Here's how it worked: production companies would get a contract from one of the major karaoke video players. (More often than not, it was Pioneer, the undisputed king of this niche market for the '80s and much of the '90s.) Song assignments would go out to various directors who worked for the company. The directors would submit a treatment ("Friends in Low Places," featuring a dwarf, for instance), and nine times out of 10, it would be approved. The shoot would wrap in a few days tops, and then it was on to the next one.
Because the goal here was to burn through the catalog as quickly as possible, the directors of these videos had little to no supervision. Which meant you had a license to get super weird, even on the most straightforward Hot 100 songs.
"There was one video for 'Hold My Hand' by Hootie & the Blowfish," says Norry Niven, who directed karaoke videos for Pioneer in the late '80s through the '90s. "And we shot half of that underwater with two models. We shot the other half in a giant green field. We had raided this antique store and for some reason, they had all of these hands. Big, giant plastic hands. And we planted them in the field like they were growing out of the grass. We had a white horse and all these weird mirrors. It was so cool. It was such a different video."
Or you could always go riff on a crowd-pleaser: 1920s German expressionist film.
"I can't remember what music video this was for, but we painted this set as a kind of forced-perspective, [The Cabinet of] Dr. Caligari thing," says Blood. "We kind of went nuts with this set, the pieces would slide in and out while we were dollying forward. Months later, the producer wanted to make some space, so she threw the set pieces out in the back alley. My friend later saw them in one of the homeless tent villages. People were using these pieces of forced-perspective architecture as part of their house."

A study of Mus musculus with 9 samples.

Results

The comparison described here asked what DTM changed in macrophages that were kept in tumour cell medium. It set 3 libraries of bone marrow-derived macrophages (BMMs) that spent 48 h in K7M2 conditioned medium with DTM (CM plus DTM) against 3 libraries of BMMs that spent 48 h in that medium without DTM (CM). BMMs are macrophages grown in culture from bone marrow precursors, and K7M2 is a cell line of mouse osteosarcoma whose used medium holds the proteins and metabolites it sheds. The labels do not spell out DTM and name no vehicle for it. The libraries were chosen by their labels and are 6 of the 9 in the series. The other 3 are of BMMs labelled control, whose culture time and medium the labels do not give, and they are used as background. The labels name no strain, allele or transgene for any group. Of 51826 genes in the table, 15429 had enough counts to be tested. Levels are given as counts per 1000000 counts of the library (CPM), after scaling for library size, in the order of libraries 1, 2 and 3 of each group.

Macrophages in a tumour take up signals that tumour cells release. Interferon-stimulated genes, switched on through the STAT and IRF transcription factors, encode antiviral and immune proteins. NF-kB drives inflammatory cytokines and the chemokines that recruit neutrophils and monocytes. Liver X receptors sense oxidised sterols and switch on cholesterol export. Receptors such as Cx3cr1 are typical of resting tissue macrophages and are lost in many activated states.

Apart from general surrealism and absurdity, karaoke videos did have some common tropes. Brian Raftery lays out a set of character types in his book, Don’t Stop Believin’: How Karaoke Conquered the World and Changed My Life, that includes the wandering lover ("two distraught ex-paramours who spend their time taking walks alone and frowning at nature"), the horny bugle boy ("'80s-style male fantasies, set in a world where polo shirts are always tucked into khakis and blondes are always poured into Ferraris"), and the random fly girl ("women wearing neon-colored baseball caps and doing the Hammer Dance"). "That was almost its own genre," says Raftery. "That whole late-'80s, early-'90s sort of Spike Lee, very vibrant-colored videos with people just dancing haphazardly… I think they did those because they could film a bunch of dancers and maybe not know exactly which song it was going to, so it could be reused."